12. March 2024

Why is everyone talking about… energy check-ins?

Personio Pulse: This Week in HR - 3

Welcome to Personio Pulse: This Week in HR, where each week we take a look at the latest trends in the world of work, what you need to know about them and what they mean for you as an HR professional. 

This week we’re covering energy check-ins and what they could mean for your organisation and HR team.

What you need to know

With one in five UK workers taking time off for stress-related mental health concerns in 2023, companies are perhaps under more pressure than ever to address the issue of burnout. And accounting behemoth KPMG has risen to the challenge. 

Last week, KPMG announced an ‘energy check-in’ initiative across the entire company, targeting employees who work more hours, spend more time in calls or take less PTO than expected. If an employee reaches a particular threshold, their manager is prompted to ask them about their work-life balance and offer resources to prioritise wellbeing. 

The imperative to spot burnout early is both personal and economic: it can take longer to ‘bounce back’ from burnout when it’s already gone too far, and poor health costs the UK economy an estimated £138 billion per year due to absence and low productivity.

What others are saying about it 

Brian Dow, Chief Executive of Mental Health UK, said, “Simply put, the UK is rapidly becoming a burnt-out nation.” 

In his introduction to Mental Health UK’s Burnout Report 2024, he explained: “Nearly half of those surveyed say their employer does not have a plan to spot and support people who are dealing with chronic stress. The direct impact this will have on productivity, let alone potential unemployment for those who end up dropping out of the workplace, is deeply worrying.”

Sandy Torchia, KPMG’s Vice Chair of Talent and Culture, emphasised how much of a difference feeling heard can make to employees: “People feel like someone’s paying attention to the work that they’re doing, how they’re working, and wants to help them with it.” She added: “Prior to these energy check-ins, we didn’t really have a way to bring all this information together.”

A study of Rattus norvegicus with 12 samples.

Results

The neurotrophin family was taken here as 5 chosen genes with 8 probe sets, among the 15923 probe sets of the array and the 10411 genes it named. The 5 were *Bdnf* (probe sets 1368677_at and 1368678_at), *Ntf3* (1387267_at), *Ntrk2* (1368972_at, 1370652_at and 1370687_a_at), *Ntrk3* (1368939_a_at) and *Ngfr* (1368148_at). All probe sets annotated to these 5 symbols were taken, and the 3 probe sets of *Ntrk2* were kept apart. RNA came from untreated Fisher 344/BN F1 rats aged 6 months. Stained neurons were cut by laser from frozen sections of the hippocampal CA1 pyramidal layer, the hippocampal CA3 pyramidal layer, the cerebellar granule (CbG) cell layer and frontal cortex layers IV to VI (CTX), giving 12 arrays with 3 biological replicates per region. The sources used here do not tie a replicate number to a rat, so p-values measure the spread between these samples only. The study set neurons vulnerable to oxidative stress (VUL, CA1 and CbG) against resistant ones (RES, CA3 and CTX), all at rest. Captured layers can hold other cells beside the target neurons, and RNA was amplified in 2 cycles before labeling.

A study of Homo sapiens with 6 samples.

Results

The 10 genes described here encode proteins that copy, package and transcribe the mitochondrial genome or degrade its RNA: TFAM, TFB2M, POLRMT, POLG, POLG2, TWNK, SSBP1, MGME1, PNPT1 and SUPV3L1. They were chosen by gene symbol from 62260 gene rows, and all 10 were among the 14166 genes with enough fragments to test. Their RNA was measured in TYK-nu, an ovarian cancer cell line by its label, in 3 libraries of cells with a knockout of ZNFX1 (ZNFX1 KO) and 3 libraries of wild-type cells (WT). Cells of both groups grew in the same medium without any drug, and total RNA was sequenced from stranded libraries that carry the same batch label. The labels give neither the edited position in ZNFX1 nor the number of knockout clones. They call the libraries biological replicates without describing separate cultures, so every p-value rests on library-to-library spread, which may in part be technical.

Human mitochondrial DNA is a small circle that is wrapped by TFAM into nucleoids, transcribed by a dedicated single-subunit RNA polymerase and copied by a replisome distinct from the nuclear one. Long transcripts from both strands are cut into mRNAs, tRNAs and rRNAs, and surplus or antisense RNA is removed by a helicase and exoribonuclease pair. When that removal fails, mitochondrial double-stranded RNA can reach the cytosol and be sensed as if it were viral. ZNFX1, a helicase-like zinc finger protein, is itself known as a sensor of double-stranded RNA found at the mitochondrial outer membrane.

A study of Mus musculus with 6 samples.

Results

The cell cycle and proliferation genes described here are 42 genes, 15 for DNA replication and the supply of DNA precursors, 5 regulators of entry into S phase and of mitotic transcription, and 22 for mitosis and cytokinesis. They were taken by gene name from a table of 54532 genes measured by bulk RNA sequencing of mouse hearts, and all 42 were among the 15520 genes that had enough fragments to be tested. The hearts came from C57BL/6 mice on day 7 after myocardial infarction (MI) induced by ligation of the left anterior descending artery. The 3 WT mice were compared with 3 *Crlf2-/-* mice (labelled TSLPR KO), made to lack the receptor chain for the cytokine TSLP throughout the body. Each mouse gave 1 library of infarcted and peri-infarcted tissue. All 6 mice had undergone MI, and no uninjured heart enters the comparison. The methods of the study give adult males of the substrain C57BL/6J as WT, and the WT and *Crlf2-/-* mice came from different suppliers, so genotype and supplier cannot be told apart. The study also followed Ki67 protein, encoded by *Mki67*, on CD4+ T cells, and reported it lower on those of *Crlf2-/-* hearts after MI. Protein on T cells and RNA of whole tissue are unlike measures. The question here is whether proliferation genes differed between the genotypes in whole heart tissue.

What that means for you

While KPMG’s actions are encouraging, it’s concerning that so many companies still don’t offer enough support in this area. But there are ways for HR teams to move the needle:

  • Build guardrails to spot chronic stress early: Think about signals that might indicate stress — like an upward trend in sick days or a downward trend in engagement metrics. Keep an eye on your people data to identify trends while you can still take action to mitigate them.

  • Reevaluate your sick leave policies: Offering self-care days (also known as “duvet days”) specifically for mental health can alleviate stress and improve employee performance. Check out our guide on how to implement them.

  • Train people managers in mental health at work: Creating a culture where employees are encouraged to share mental health concerns with managers is essential — as is ensuring managers are trained to respond appropriately and have a playbook for making reasonable adjustments or helping with prioritisation.

  • Consider offering employee assistance programmes: In Mental Health UK’s research, almost a third of respondents (29%) said professional support would help prevent burnout. Free support via an EAP can be a safety net for employees in tough times.

At Personio, we also have a tradition of adding a ‘low battery’ emoji (🪫) to our Slack statuses when we’re not feeling 100% for any reason. It helps normalise not feeling ‘ok’, and promotes checking in with one another. 

What else should I read? 

That's all for this week's edition of Personio Pulse: This Week in HR. Check back next week as we continue to dissect the latest trends impacting the ways we work. 


Anna Jager-Elliott

Anna Jager-Elliott is a Senior Content Strategist at Personio. She enjoys watching trends emerge in the world of work and writing about how they'll affect our day-to-day experiences.